The 21-year-old from Santa Fe Springs was killed in Iraq during Operation Iraqi Freedom in 2003.
WHITTIER, Calif. (KABC) -- Countless families are pausing on Memorial Day to remember fallen U.S. military service members. For many, the heartache never stops.
For the last 20 years, different groups of people who made up Army Sgt. Paul Nakamura's life gather at Rose Hills cemetery in Whittier to show him that he's forever a part of their lives.
"Today is not Memorial Day because Memorial Day is every day for us," said Nakamura's sister Pearl Estuar. "He was such a special person that he touched everybody in a different way."
The 21-year-old from Santa Fe Springs was killed in Iraq during Operation Iraqi Freedom.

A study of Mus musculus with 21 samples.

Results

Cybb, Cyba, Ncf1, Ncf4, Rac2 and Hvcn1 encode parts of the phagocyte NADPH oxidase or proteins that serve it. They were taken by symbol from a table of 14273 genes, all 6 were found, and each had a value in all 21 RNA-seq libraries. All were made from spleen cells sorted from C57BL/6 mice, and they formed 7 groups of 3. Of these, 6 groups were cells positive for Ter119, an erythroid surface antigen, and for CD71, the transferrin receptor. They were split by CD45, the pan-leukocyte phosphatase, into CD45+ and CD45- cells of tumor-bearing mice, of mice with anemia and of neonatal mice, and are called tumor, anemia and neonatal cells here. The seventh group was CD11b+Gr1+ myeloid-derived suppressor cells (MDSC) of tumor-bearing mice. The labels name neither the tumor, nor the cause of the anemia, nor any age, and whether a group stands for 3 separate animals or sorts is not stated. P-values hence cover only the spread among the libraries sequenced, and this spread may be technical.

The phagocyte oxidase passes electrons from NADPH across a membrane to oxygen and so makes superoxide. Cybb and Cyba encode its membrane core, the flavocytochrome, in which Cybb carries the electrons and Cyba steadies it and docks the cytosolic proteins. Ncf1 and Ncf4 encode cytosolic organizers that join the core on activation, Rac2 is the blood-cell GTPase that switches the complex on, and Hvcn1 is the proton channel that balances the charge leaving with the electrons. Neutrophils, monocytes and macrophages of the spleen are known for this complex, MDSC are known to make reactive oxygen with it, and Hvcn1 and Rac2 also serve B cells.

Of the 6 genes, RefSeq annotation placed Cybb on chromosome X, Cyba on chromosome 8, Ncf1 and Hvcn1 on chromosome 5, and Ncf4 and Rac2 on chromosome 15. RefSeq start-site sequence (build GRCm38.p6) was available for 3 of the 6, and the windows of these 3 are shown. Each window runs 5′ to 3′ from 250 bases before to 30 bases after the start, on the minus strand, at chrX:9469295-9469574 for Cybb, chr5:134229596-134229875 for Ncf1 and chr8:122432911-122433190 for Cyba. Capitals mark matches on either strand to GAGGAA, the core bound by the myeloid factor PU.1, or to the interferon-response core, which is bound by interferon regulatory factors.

"I could recall June, 19, 2003 like yesterday. I recall getting the phone call," Estuar said. "When he passed, half of me did too."
Estuar never got a chance to say goodbye so a small part of her feels her brother is still around.
"Sometimes when I come here at Rose Hills, I'll leave 35 cents because that's how much a phone call used to be, so maybe if he's around, he can give me a call one day," she said.
Fellow soldiers assigned to Paul's 437th Medical Company unit like Paolo Alfante know freedom comes at a cost.
"He's my hero. He died doing his job. Protecting patients as we were combat medics, so a tragedy but still very heroic," Alfante said. "Twenty years has passed but we'll never forget. I never forget. I'm here every Memorial Day because I was lucky to come home and he wasn't."
Because of that, they want everyone to make the most out of life. It's the least they can do to honor those who gave it all for this country.